Myths and Realities about Equal Marriage

20 May 2013 by

gay_marriage_cake_300The Marriage (Same Sex Couples) Bill is back before Parliament today for the “Report Stage”. The latest version of the Bill is here, updated explanatory notes here, and the full list of proposed amendments here. Predictably, the amendments are the focus of much controversy.

I have written a new article for the New Statesman on some of the myths and realities surrounding the debate – you can read it here. It’s all a bit complicated, as you might expect.

Our previous coverage is linked to below. Hopefully, party politics won’t end up derailing this important bill. As the New Yorker recently predicted:

One day, not long from now, it will be hard to remember what worried people so much about gay and lesbian couples committing themselves to marriage.


    All gots createaure have the right to chose there own sex beliefs gays have just as much righs as anybody else weather bi, bi curious or homosexual regards scotty6070

  2. Christopher says:

    “It’s all a bit complicated” – complex? ;-) Surely Jon Holbrook hits the mark with “The Civil Partnership Act 2004 has met the legitimate desire of lesbians and gays for an institution comparable to marriage. As Baroness Deech, an expert in family law, has noted, civil partnerships differ in law from marriage in only two respects: they can only be civil, never religious, and adultery is not a ground for dissolution. The first difference is rarely cited as problematic, but in so far as there are churches that want to preside over civil partnerships that could be achieved with modest legislative reform. The second difference, adultery, is a difference that remains in the new Marriage (Same Sex) Couples Bill. So the minor legal differences between civil partnerships and marriage provide no basis for the government’s gay marriage legislation. To all intents and purposes, civil partnership affords lesbians and gays equal treatment.”
    I accept that the Civil Partnership Act provides no meaningful ceremony of mutual committment: the Act should be amended.
    This bill seems to me like a bill enacting that dromedaries will be called camels: you’d still have one species with two humps and one with one! Respect is not shown by just calling something that is different the same as something else..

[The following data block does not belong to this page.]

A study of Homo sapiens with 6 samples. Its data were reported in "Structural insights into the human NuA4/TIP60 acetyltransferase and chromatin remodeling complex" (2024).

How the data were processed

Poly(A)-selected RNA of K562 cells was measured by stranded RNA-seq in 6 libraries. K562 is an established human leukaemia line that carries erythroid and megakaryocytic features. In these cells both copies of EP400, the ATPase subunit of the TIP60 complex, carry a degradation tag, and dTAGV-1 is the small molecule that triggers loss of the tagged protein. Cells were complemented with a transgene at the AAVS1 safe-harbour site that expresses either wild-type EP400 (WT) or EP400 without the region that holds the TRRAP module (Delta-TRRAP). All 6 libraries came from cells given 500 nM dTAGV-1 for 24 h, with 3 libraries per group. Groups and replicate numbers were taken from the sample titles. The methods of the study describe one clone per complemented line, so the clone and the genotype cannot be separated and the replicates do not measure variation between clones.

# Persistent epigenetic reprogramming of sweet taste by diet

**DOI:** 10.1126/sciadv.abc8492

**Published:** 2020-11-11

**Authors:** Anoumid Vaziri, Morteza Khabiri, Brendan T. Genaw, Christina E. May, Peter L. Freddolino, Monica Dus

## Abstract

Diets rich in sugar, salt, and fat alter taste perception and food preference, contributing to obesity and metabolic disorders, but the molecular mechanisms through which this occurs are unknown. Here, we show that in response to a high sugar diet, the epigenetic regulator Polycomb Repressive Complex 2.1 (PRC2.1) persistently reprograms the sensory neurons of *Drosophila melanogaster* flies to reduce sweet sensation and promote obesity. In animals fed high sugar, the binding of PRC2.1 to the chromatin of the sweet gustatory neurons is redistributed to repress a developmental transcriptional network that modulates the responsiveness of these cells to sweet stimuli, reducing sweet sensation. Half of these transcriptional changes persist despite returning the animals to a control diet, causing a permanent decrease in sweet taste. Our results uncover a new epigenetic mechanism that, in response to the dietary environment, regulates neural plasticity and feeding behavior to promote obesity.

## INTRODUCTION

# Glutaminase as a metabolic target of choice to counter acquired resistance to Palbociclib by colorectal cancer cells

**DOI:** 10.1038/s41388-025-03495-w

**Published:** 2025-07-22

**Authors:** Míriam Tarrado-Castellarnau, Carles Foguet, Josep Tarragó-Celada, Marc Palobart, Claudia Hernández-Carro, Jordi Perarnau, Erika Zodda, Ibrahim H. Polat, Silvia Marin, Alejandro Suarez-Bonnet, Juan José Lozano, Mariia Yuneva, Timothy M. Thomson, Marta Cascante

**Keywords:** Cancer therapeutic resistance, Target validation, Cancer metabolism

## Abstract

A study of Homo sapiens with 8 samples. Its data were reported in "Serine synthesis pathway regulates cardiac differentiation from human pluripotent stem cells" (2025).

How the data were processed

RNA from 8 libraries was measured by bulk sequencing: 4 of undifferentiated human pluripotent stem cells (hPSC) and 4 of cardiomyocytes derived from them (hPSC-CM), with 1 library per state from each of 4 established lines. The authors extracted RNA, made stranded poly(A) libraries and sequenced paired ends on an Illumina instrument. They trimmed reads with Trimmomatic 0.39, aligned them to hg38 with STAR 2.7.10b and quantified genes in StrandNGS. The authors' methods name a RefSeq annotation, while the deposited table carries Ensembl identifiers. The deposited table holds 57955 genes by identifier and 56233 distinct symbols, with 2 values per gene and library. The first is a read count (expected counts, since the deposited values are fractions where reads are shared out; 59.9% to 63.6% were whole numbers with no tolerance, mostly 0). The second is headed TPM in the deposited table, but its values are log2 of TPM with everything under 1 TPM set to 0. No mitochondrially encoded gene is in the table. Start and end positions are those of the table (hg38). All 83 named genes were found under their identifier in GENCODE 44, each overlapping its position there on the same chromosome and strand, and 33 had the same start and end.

1. John Stacey-Hibbert says:

      This is absolutely correct. The cost of the Act will be in the multi-millions and the time involved is disproportionate to the need for the legislation – neither of which the country can afford in its present economic situation. The whole thing is a farce and totally unnecessary. This is not a question of equality or discrimination at all!

  3. Jon Holbrook says:

    In a Spiked article, Gay marriage and the tyranny of sameness, I have argued that equality is no longer a progressive demand but rather is used to demolish differences between people:

  4. Andrew says:

    Would it really, really hurt to allow existing Registrars of Marriage to say no? If not by a conscience clause then admininstratively? Islington sacked Ms Ladele, but other authorities found it possible so to allocate the work that nobody’s conscience was forced. Is that not preferable?

    After all: would you want to be married by a Registrar who, be s/he never so polite and professional, who thought you would roast in hell?

    Why is a Registrar’s conscience worth less than that of a member of the clergy?

    1. Steve H says:

      To take your reasoning to its logical, slippery slope, conclusions, one might have asked in the not so recent past why couldn’t Registrars (or Policemen) employed before the Race Relations Act refuse to perform inter-racial marriages, etc, or in Northern Ireland, why can’t staff who have religious objections to providing goods & services to Roman Catholics opt out of providing them if they were recruited when discrimination was the legally enforced norm (by Stormont)?

      Employees in public service are obliged to implement the law of the land as it evolves, a point reiterated in the past by the ECoHR. If you allow people to opt out ostensibly for religious reasons, then in the first instance the courts will have to decide what constitutes a legitimate religious belief, and secondly all public sector employees would have to become temporary employees or put on annual contracts, so that only those willing to obey the law would be employed. This is a litigants paradise. If you are employed to carry out civil marriage, you need to leave your ideological convictions at home. Civil is not religious. Why are those registrars who object to performing civil ceremonies for homosexual couples but not do so for divorcees deemed to be doing so for religious reasons? If the reasons are religious then marrying divorcees is no different, theologically, from marrying homosexuals. If you apply for a job performing civil marriage you must obey the law or work for a religious employer. This is of course iniquitous, but no less iniquitous that the fact that religious employers are allowed to discriminate against non-adherents (although the EU directive sets conditions the UK government have not met, and have yet to be challenged on).

      In my younger days it was legal for hotels to refuse to allow me to stay there on the grounds that I was a practicing Roman Catholic. We should not return to those days.